Team Impossible


In 2019, we filed the paperwork required by the European Food Safety Authority to approve our products in Europe. We began the same process with the UK Food Standards Agency in 2021 (post-Brexit) for approval in the United Kingdom.

As part of this process, both agencies required that we conduct industry-standard tests, including a 90-day dietary study in which our novel ingredient, soy leghemoglobin (AKA heme), was fed to rats. Although a similar 28-day study from 2017 had already demonstrated the safety of heme and enabled us to grow our business across four continents, this new study was required by regulatory authorities in the UK and Europe as a prerequisite for regulatory approval in those markets. 

Ultimately, the study reinforces our exemplary track record of safety and the high quality of our products, demonstrating that heme is safe for consumption without any adverse health effects. Today, we published the results in the Journal of Toxicology(opens in a new tab) so that the information is publicly available to all who are interested in the safety of our products.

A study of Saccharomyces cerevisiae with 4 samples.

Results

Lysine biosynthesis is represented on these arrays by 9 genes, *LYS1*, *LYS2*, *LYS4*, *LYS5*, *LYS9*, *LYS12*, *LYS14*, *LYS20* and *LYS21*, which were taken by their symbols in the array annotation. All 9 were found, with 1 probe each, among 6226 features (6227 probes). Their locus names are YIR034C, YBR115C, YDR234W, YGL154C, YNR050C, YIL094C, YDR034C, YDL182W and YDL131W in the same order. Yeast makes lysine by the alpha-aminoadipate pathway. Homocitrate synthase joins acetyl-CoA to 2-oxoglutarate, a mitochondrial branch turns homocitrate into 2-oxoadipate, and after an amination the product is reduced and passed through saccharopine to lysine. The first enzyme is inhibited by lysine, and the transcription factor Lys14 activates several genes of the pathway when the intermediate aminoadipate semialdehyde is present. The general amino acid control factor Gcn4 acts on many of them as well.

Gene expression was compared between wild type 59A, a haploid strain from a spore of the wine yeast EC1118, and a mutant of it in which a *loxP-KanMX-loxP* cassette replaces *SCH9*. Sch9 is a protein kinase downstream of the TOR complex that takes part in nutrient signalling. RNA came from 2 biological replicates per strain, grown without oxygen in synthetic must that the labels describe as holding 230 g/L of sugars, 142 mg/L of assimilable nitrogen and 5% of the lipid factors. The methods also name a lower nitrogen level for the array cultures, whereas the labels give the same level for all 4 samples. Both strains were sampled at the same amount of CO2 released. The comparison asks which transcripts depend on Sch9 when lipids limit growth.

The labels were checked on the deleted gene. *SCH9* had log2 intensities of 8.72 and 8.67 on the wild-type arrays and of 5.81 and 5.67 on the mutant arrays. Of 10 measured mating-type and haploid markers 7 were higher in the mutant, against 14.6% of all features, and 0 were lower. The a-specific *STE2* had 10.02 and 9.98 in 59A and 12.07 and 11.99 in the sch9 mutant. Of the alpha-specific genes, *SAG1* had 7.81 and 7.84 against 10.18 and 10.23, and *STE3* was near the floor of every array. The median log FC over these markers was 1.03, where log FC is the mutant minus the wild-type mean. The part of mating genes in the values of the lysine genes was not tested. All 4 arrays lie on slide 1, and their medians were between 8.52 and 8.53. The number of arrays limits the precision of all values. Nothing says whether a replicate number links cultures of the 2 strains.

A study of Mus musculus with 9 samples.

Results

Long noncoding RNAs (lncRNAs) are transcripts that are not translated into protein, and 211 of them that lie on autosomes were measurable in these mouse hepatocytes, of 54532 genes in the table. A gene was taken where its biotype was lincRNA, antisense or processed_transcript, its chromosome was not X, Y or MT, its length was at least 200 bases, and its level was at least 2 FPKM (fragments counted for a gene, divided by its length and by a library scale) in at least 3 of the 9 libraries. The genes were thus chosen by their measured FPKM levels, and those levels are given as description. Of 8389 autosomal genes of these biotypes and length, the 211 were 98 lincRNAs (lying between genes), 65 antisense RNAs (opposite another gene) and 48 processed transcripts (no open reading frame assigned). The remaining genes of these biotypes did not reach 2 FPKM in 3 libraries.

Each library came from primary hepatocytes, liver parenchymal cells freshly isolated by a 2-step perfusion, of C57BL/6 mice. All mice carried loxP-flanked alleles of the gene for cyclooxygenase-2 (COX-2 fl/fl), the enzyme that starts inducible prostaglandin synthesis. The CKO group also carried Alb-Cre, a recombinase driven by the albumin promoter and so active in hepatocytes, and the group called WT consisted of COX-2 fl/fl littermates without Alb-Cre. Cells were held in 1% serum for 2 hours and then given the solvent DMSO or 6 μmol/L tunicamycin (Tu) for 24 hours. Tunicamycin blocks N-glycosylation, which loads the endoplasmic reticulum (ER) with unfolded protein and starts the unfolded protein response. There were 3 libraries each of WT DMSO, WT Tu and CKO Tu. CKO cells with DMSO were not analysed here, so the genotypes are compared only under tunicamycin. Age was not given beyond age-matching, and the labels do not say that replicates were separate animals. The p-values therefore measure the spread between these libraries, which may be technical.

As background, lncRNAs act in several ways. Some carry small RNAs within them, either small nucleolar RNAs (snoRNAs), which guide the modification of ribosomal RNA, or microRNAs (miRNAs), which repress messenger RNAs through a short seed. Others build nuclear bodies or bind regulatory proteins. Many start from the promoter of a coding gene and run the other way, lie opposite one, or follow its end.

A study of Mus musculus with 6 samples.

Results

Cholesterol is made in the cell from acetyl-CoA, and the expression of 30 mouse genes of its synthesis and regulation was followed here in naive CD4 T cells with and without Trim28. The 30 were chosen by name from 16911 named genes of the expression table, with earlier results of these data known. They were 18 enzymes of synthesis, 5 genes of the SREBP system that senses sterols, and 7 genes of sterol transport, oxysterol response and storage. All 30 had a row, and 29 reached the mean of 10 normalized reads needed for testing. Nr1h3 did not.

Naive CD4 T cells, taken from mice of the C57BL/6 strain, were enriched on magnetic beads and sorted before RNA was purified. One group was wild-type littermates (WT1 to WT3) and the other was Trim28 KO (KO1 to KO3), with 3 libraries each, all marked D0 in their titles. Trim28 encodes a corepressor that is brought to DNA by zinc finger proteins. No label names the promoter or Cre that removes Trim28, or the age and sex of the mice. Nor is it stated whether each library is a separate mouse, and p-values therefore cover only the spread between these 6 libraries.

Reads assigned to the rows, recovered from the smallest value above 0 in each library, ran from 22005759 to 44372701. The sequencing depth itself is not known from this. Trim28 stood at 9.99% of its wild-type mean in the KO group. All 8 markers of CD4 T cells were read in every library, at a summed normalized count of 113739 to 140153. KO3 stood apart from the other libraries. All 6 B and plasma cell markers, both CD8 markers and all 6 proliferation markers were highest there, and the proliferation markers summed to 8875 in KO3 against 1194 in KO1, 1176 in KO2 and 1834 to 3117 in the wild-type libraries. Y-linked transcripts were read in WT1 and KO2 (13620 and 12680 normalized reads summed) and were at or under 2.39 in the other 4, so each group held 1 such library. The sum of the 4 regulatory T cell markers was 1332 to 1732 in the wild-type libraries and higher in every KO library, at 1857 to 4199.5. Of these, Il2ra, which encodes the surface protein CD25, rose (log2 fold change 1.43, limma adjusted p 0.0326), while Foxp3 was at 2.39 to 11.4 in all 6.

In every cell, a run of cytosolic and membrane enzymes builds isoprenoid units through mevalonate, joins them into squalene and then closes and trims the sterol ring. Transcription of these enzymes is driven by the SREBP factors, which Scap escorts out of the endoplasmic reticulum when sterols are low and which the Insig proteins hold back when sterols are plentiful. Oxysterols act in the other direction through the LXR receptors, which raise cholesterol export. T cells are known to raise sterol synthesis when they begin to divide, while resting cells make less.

While we’re pleased with the results, our longstanding position remains firm: we do not agree with or endorse this form of testing, and we avoid it whenever possible. We will continue to do our part to advocate for a change to food safety testing standards, as doing so goes hand in hand with our mission to end the world's reliance on animals in the global food system.

We encourage anyone who shares our opposition to these types of tests to get involved in industry efforts advocating for food safety agencies to adopt alternative testing methods.